The holidays are right around the corner, which means that year-end Best Of lists are also fast approaching, and we’re a bit disheartened that one of the year’s most important albums has been completely overlooked in America. We’re talking about Velocitaptor! the dynamic fourth full length record from UK rockers Kasabian.
While the album has made top ten debuts on more than one continent, Velociraptor! failed to crack the Billboard Top 200 charts in its first week of release in the United States. The bands previous effort, 2009’s West Ryder Pauper Lunatic Asylum, established an industry foothold for the band, and earned them headliner status at festivals all across Europe. This past September, the lads from Leicestershire dropped their latest effort Velociraptor! (read our review) which shot straight to number one on the UK album charts. Described by guitarist and principal song writer Sergio Pizzorno as a jukebox record, Kasabian has found a way to pay tribute to their musical heroes while still managing to push preconceived musical boundaries to the limit.
Part of what makes Kasabian so fascinating is their nearly decade long rise to dominance across Asia, Australia and Europe while going virtually unknown in America. If Coachella was held in Manchester England, the boys from Leicestershire would already have multiple headline appearances under their belts. With Velocitaptor!, Kasabian has created a record full of material which could work across numerous FM radio formats all while managing to keep their trademark blend of hard rocking psychedelic-tinged guitar riffs and animated dance grooves.
We recently sat down with Kasabian vocalist Tom Meighan to discuss America, his influences, Velociraptor! and the current state of music in 2011.
You spent time in San Francisco recording your last two records. What is it about San Francisco that brings out the best in Kasabian? Any favorite locations in the area?
There’s a place called Laslow’s that we go to which is a bar. A friend of ours, Brian, runs it, and that’s great, but it’s just because Dan The Automator’s studio is based in San Francisco. If it was in LA, we’d go to LA, and if it was in Antarctica, we’d go to Antarctica.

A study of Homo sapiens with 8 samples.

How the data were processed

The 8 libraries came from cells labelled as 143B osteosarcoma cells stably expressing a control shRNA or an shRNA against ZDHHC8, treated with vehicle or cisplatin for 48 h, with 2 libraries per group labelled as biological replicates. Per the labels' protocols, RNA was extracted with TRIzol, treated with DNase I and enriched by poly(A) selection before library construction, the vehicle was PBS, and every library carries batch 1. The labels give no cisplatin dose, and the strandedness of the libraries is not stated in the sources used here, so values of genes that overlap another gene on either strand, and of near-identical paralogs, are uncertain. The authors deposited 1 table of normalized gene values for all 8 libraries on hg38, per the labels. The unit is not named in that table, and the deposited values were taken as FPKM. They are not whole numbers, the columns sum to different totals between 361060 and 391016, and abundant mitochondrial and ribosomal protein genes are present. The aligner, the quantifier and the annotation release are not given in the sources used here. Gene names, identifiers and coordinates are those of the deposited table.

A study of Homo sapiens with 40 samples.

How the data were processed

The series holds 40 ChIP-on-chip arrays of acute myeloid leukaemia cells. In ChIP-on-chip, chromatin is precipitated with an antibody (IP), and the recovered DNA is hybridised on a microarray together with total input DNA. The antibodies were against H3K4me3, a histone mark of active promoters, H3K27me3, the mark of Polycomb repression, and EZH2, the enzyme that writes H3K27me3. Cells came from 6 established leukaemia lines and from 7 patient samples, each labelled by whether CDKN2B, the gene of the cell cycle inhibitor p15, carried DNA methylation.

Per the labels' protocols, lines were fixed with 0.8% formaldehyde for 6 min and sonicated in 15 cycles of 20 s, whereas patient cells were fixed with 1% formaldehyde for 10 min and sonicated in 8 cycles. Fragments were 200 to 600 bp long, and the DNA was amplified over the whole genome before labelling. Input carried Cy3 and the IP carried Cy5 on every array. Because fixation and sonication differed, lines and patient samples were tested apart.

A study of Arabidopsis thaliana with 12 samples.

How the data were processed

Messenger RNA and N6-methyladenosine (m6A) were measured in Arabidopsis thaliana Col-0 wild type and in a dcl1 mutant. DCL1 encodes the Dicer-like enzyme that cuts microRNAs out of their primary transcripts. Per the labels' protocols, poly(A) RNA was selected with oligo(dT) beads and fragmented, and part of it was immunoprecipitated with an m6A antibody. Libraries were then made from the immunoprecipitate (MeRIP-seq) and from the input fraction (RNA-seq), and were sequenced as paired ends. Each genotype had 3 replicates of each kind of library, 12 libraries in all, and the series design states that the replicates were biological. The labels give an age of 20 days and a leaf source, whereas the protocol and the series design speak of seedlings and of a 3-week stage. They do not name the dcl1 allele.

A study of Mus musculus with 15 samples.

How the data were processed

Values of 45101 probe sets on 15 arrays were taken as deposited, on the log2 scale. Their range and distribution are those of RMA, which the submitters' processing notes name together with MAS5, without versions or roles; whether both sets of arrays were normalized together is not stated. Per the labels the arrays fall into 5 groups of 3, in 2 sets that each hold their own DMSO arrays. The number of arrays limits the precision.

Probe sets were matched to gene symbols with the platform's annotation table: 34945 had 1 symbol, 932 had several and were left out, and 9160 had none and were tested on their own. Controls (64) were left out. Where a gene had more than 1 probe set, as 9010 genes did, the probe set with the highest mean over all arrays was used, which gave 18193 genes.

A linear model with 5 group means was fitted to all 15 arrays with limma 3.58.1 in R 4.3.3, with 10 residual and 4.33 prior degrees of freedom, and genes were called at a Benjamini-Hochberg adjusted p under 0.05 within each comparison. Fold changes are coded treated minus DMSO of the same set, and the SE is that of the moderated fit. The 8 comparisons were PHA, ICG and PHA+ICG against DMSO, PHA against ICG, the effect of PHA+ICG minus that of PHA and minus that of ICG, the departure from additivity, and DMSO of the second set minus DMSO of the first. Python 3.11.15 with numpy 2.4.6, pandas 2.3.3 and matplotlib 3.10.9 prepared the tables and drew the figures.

The goal of your last record West Ryder Pauper Lunatic Asylum seemed to be for the listener to play the entire record front to back and digest as one piece – a concept record. With Velociraptor!, members of the band have gone on record and shared that it is a jukebox record with various styles and flavors for the iTunes generation. Was this a deliberate move on your part?
West Ryder Pauper Lunatic Asylum was literally our mental record. No, it wasn’t a conscious decision. We just make music and what comes out of Serge’s brain at the time, and the vibe we’re in at the time is what we produce, it’s like a photograph.
As a huge fan of hip hop, what was it like to have Days Are Forgotten remixed by Z-Trip to include a flow from LL Cool J? Are there any other hip-hop artists you are eager to work with?
I grew up on hip-hop music, since I was 10 or 11. I loved NWA, Public Enemy, KRS-One, and Cypress Hill. I’d like to work with RZA from the Wu-Tang Clan one day, but the LL Cool J thing was fantastic, and that was by accident.
Portions of your last two records were recorded in San Francisco. With America not embracing Kasabian in the same way the rest of the world has, do you find that being unknown allows you to hide out and helps the creation/recording process? What do you feel the band has to do to break down the walls and achieve stateside success?
I don’t really care, to be honest. We have to break down the walls by playing loads of songs, and if it gets on the radio, we have a hit. That’s how it works nowadays, isn’t it?
On stage, Kasabian comes off as a fearless well oiled machine. In interviews, you always seem confident and sure of yourself. Is there anything that scares you?
Yes. A lot of things scare me, but I’m not going to tell you what they are.
In a day and age of YouTube and piracy, many artists shy away from performing new material before an album is released. Yet you performed numerous songs from Velociraptor! before its release. How do you feel about fans sharing clips of your shows on YouTube? Do you feel that those early live clips helped create a buzz for Velociraptor! or did it hurt your campaign?
It’s up to them, isn’t it? It damaged me in many ways, yeah it did.
While sounding futuristic, Velociraptor! manages to pay respects to the sounds of yesteryear be it Motown or The Beatles. What up and coming artists currently excite you?
A lot: The Horrors, I love the Kills, Noel [Gallagher’s] got a great record, a fantastic album. I love what Liam [Gallagher] did with Beady Eye. There’s a lot of great things out there. I’m glad that Adele’s done really well, but I bet she’s sick of it now that she’s so popular.
Velociraptor! has some of the most personal lyrics Sergio has ever written. How much of a challenge was it for you to properly convey the emotions of another human being?
Well he’s my brother, so what he puts down, he has to go through me like a telepathic Elliot and E.T.
You have performed everywhere from the Royal Albert Hall and the Hollywood Bowl to the rooftops of New York and an airplane. What’s the next venue hurdle for you guys?
Wigston Swimming Pool.
With many months of touring behind Velociraptor! on the horizon, what is the one thing you can’t live without on the road?
Kasabian are currently on tour, giving super short answers to all your questions in the backstage area. Pick up Velociraptor! and find out where to see them at the official Kasabian site.